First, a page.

LITTLE FALLS — A Minnesota man charged with fatally shooting two teenagers who broke into his home on Thanksgiving Day in 2012 chose not to testify in his own behalf Monday, and his defense rested after calling three character witnesses and a private detective who sought to bolster the homeowner's claim of self-defense.
Byron Smith, 65, of Little Falls, told Morrison County District Judge Douglas Anderson he understood his rights. The judge said he would give the jury its instructions Monday afternoon and closing arguments would likely begin Tuesday morning.
Smith is charged with first-degree premeditated murder in the deaths of 18-year-old Haile Kifer and 17-year-old Nick Brady. The retired U.S. State Department security officer told investigators he was defending himself when he shot the two cousins in his basement because he feared for his life after several break-ins.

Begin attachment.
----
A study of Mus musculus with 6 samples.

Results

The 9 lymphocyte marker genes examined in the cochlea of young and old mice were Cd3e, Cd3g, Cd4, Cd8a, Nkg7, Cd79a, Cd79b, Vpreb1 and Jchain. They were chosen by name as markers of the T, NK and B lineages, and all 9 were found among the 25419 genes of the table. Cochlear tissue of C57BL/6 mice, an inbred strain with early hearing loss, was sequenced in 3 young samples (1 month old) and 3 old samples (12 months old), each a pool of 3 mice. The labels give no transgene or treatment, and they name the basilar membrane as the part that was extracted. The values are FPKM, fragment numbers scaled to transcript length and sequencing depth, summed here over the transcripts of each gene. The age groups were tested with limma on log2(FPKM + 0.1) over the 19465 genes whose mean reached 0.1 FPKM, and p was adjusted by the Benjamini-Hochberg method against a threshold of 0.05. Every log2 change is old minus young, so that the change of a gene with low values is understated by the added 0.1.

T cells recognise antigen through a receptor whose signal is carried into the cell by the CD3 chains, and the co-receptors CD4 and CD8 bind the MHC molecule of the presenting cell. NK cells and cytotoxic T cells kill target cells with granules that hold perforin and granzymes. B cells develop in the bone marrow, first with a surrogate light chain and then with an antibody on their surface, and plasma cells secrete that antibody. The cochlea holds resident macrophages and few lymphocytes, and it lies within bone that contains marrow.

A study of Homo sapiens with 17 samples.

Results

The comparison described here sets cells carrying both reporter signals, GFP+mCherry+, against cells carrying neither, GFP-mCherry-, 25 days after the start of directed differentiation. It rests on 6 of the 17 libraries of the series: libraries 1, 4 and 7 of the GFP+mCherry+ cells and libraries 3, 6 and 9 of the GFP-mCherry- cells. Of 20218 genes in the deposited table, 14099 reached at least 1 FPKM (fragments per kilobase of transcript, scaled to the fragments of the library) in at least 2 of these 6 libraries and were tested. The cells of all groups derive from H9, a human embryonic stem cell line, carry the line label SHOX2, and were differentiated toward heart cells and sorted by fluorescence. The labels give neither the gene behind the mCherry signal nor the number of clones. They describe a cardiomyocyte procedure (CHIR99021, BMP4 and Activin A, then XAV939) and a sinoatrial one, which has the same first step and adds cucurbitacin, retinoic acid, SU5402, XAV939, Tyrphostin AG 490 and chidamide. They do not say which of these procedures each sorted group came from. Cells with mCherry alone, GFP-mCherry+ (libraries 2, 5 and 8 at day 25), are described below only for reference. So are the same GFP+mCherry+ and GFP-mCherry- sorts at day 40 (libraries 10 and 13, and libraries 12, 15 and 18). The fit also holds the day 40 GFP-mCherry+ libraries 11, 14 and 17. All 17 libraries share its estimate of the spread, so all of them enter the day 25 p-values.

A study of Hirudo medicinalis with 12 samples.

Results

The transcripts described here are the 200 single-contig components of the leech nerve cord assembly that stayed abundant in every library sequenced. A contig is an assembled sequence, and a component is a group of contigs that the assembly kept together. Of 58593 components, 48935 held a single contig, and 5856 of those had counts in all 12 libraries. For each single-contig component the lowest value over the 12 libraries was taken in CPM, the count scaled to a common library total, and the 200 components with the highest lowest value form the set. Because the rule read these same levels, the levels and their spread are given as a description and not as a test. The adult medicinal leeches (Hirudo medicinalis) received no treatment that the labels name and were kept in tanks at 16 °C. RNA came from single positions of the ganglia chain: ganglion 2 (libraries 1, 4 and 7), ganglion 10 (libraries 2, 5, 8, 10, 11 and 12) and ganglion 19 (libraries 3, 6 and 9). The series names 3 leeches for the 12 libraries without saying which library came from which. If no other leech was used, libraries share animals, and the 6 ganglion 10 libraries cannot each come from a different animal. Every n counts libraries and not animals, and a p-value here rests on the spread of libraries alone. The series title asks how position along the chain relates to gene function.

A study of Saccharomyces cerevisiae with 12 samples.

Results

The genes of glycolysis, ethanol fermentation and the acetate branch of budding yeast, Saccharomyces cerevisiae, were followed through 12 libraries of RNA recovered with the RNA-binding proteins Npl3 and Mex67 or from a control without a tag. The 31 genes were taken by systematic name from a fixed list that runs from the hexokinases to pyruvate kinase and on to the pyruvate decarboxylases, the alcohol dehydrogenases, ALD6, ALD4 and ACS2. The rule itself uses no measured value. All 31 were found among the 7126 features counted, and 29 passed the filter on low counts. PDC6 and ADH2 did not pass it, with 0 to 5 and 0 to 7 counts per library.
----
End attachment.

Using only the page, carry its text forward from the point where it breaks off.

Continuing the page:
The case has fueled debate over how far people can go in defending their homes. Minnesota law allows a person to use deadly force to prevent a felony from taking place in one's home, but those actions must be reasonable.
Prosecutors argued that Smith sat downstairs and waited for the two cousins, and said he went too far when he continued to shoot the unarmed teens even after they posed no danger. Smith waited a day to report the killings to police.
The defense says Smith was fearful because of earlier burglaries that included theft of guns.
Private detective Ross Rolshoven, of Grand Forks, N.D., studied the layout of Smith's basement for the defense. He testified that if someone coming down the stairs was carrying a shotgun, shouldered and ready to fire, Smith could not have seen it until that person was most of the way down because the ceiling was in the way.